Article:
LSI Corporation unleashed their newest generation of RAID controller cards, the first in their lineup to feature 6Gb/s Serial Attached SCSI (SAS) technology. The MegaRAID 9200 series cards support a mix of SATA, SAS and solid-state drives (SSDs). For the first time, LSI's SafeStore Encryption Services provides support for self-encrypting drives (SEDs). The MegaRAID 9200 series features PCIe with four and eight port options, offering a mix of external and internal connections.
With transfer rates of up to 2.88 GB/s in sequential reads and 1.87 GB/s in sequential writes, LSI is aiming these new controllers at I/O intensive data center applications such as email and database servers as well as other high-end applications like streaming video and Online transaction processing (OLTP).
Included in the MegaRAID 9200 series are the DE models that feature compatibility with Seagate's self-encrypting drives. The LSI controllers serve as the key manager for the self-encrypting drives, ensuring that the data on the drive is unusable when removed from the machine. The encryption is done at a hardware level, so the process is nearly automatic, saving administrators much of the effort of sourcing and configuring encryption at the operating system level. Furthermore, the encryption is transparent to the user with little performance degradation. Benjamin S. Woo, Vice President, Enterprise Storage Systems for IDC, notes that: "Self encrypted drives can be a strong selling point for software as a service (SaaS) vendors and other service providers, adding to the security message they can provide to their customers."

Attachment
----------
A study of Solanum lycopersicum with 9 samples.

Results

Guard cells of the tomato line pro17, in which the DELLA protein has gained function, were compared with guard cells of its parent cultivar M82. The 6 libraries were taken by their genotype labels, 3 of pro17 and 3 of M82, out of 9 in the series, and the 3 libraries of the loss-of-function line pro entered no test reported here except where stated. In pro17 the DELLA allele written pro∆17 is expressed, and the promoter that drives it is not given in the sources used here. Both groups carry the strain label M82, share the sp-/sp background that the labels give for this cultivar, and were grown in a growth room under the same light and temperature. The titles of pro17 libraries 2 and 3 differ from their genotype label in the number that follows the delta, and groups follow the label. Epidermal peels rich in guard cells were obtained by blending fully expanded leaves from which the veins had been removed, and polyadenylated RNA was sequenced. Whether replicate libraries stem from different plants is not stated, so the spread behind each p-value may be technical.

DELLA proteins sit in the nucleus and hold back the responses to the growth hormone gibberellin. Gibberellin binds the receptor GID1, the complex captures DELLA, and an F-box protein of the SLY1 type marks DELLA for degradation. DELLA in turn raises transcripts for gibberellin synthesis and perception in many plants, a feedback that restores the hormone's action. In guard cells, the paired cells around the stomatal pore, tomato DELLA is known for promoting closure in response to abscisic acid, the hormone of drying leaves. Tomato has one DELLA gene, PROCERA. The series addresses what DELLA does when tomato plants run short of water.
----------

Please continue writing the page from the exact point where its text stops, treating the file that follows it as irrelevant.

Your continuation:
As new technologies arrive on the market, adoption and compatibility with older technology is always an issue. Fortunately, the 6Gb/s SAS standard avoids much of that, offering reverse compatibility with the older 3Gb/s standard, both on the controllers as well as the new drives. This enables system builders to include the newest controllers in their machines today, without changing out any of the other components. Woo agrees, saying, "The backward compatibility with 3Gb/s drives is going to key for resellers not yet ready to go or ready to commit to the new standard." In fact, LSI claims that users will see a performance improvement with the older drives just by swapping in their controller card. While those claims have to be verified, the drive and cable compatibility will certainly ease concerns from customers adopting the new standard.